Richard Green is concerned about the old people of the future. Are they saving enough today?:
The long-term impact of the mortgage crisis--and why it keeps me awake, by Richard Green: My parent's generation behaved differently than mine in all sorts of ways. A paper of mine with Hendershott shows that they spent less, controlling for education, etc., throughout their life cycle than any other generation. One of the reasons for this is that they paid off their mortgages. According to the American Housing Survey, 70 percent of households headed by someone over the age of 65 have no mortgage at all. Loan amortization became a mechanism for forced saving, and as a a result, those born during the depression are in pretty decent shape financially. ...
My generation is different. Even under the most benign circumstances, we refinance in a manner that slows amortization. I refinanced ... twice to take advantage of lower interest rates--this was, of course, the right thing to do financially. But each time, the amortization schedule reset, and so it extended the period at which the mortgage would pay off. Now yes, one can take the money one doesn't put into home equity and put it in other savings vehicles, but it is not clear that everyone does that. Forced saving is slowed.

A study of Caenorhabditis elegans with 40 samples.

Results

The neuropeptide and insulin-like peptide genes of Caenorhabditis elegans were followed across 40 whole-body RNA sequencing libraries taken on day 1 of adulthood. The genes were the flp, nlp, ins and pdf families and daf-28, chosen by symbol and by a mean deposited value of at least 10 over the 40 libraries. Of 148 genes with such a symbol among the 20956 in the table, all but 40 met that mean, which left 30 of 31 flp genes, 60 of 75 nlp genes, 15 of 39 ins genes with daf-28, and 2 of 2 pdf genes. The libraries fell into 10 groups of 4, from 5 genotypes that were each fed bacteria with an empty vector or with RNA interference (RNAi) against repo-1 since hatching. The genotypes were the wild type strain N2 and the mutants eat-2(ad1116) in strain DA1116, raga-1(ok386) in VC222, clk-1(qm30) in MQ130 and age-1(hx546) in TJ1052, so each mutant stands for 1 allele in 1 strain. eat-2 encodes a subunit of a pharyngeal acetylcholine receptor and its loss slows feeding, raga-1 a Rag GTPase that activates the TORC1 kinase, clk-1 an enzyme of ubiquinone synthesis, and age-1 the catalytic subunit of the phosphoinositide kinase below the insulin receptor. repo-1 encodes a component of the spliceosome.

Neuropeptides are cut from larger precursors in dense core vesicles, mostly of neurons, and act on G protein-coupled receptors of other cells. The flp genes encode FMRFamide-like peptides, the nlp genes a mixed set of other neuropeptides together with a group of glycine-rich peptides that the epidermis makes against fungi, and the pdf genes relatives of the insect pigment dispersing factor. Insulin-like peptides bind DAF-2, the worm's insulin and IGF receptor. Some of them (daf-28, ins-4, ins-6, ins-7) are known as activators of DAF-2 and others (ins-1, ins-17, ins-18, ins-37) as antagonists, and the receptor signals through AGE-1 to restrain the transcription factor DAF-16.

But this is not the worst of how people have handled their mortgages. A substantial fraction of borrowers pulled equity out of their houses, putting themselves on a lower savings path even in the absence of falling house prices.
I am going to run some American housing survey data on this, but it is hard for me to imagine that 70 percent of my generation will have no mortgage debt when we are elders. My parents' generation has used housing wealth to, among other things, finance long-term care. I hope I am missing something here, but the lack of housing wealth in the future could become yet another challenge as we seek to fund the needs of the elderly.